How America got to 500,000 COVID-19 deaths

More than 500,000 Americans have died from COVID-19.

That is a half-million people who leave behind family, friends, and other loved ones haunted by grief and guilt. But the number doesn’t quite capture the scope of the damage done — the survivors who lived through the disease but whose health has never fully returned, the young students whose education has been compromised, the shuttered businesses and employed workers who struggle to keep their homes, the widespread loneliness and isolation caused by the need for social distancing.

Survivors of the pandemic are a devastated generation, to be forever marked by the experience.

The pandemic afflicted the entire world, of course, but there is widespread agreement that it was far worse in the United States than it had to be — that there was so much death and suffering that could have and should have been avoided, if only we had collectively made a better, smarter effort.

We didn’t make that effort, I think, because too many of us were selfish and deluded.

A year ago this week, the CDC’s Dr. Nancy Messonier warned reporters that communities might need to shut down schools and ban mass gatherings. “We are asking the American public to work with us to prepare for the expectation that this could be bad,” she said. Then-President Donald Trump didn’t spring into action to support those preparations — instead, he raged because Messonier’s comments sent the stock market tumbling. It was among the first of many selfish mistakes he would make.

Indeed, economic considerations have often taken priority over public health during the pandemic. Republicans resisted extending unemployment benefits because they feared American workers would stay home rather than risk their lives for a low-paying job. Meatpacking companies got Trump to issue an order keeping their plants open, after which executives at one plant allegedly started betting how many workers would get sick. The Republican lieutenant governor of Texas celebrated people returning to work last spring because “there are more important things than living.” Since then, more than 40,000 Texans who tested positive for the virus have died.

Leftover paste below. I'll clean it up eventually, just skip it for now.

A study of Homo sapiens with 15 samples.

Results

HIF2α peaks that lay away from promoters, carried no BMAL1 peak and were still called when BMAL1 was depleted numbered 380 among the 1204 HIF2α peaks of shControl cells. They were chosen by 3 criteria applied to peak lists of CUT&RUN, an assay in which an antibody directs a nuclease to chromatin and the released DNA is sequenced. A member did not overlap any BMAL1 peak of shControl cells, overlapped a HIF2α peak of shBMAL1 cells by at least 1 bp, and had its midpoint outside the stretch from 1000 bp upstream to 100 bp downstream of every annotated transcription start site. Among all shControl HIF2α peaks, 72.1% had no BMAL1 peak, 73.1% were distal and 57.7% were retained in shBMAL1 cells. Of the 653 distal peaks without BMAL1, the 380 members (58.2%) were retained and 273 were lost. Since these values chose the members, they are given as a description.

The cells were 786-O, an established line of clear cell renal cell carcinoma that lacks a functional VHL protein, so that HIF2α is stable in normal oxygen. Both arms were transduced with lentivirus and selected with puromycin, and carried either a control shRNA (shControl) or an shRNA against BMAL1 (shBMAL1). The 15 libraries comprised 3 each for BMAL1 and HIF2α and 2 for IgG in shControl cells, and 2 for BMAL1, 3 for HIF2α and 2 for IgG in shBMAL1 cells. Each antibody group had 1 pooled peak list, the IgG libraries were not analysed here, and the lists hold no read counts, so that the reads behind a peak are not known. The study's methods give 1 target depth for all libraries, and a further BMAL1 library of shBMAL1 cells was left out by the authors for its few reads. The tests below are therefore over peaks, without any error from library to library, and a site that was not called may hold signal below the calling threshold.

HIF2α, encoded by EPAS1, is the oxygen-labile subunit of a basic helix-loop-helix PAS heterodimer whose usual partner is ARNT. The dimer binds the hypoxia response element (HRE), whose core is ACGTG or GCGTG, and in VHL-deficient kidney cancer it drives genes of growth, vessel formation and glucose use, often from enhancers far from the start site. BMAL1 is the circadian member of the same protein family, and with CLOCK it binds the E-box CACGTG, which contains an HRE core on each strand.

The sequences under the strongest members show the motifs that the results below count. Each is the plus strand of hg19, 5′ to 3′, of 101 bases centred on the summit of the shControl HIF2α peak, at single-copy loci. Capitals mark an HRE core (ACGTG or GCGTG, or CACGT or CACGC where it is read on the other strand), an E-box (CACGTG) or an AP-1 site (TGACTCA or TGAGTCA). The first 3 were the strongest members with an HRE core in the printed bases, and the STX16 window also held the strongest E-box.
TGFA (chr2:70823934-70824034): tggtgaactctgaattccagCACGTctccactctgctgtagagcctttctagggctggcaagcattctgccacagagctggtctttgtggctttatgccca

Not everybody was afflicted by the profit motive — some Americans simply couldn’t be bothered to feel responsible to or for the health of their neighbors. For example: It would have been easier for Americans to go about their lives safely over the last year if they had simply chosen to put on a mask. In my home state of Kansas, a CDC study in November showed that COVID cases decreased in the 24 counties with mask mandates — and increased in the 81 counties that shunned such mandates.

To be fair, mask usage across the country reached 90 percent by October. But many of the remaining 10 percent of Americans treated us to a series of viral video moments — rampaging in Walmarts, Targets, and other stores across America.

The best case for wearing a mask is not to protect the wearer, but to protect other people from the wearer — somebody who might unknowingly be carrying the virus and inadvertently spread illness to others. But that argument asks individuals to care about other people, to balance their own desires against the possibility of harming somebody else. Too many of us failed that test. Instead, going maskless often became proof of one’s manhood and political bona fides.

That might not have happened if so many Americans hadn’t been primed to reject reality itself. One of the most haunting stories of the pandemic came in November from a South Dakota nurse who said many of her hospitalized patients refused to believe that COVID is real. “And their last, dying words are, ‘This can’t be happening. It’s not real,'” Jodi Doering told CNN. Many Americans didn’t want the virus to be real, so they decided it wasn’t, and told each other it was “no worse than the flu.” In a year during which conspiratorial thinking seemed to grip much of the country, this was one of the deadliest fantasies around.

If there is any hope to be found upon reaching 500,000 deaths it is that there appears to be light at the end of the tunnel. More than 12 percent of the population has received at least one dose of a COVID-19 vaccine. Life may soon begin to look somehwat “normal” again. But we probably could have and should have saved more lives. The death toll isn’t just a tragedy — it’s a judgment.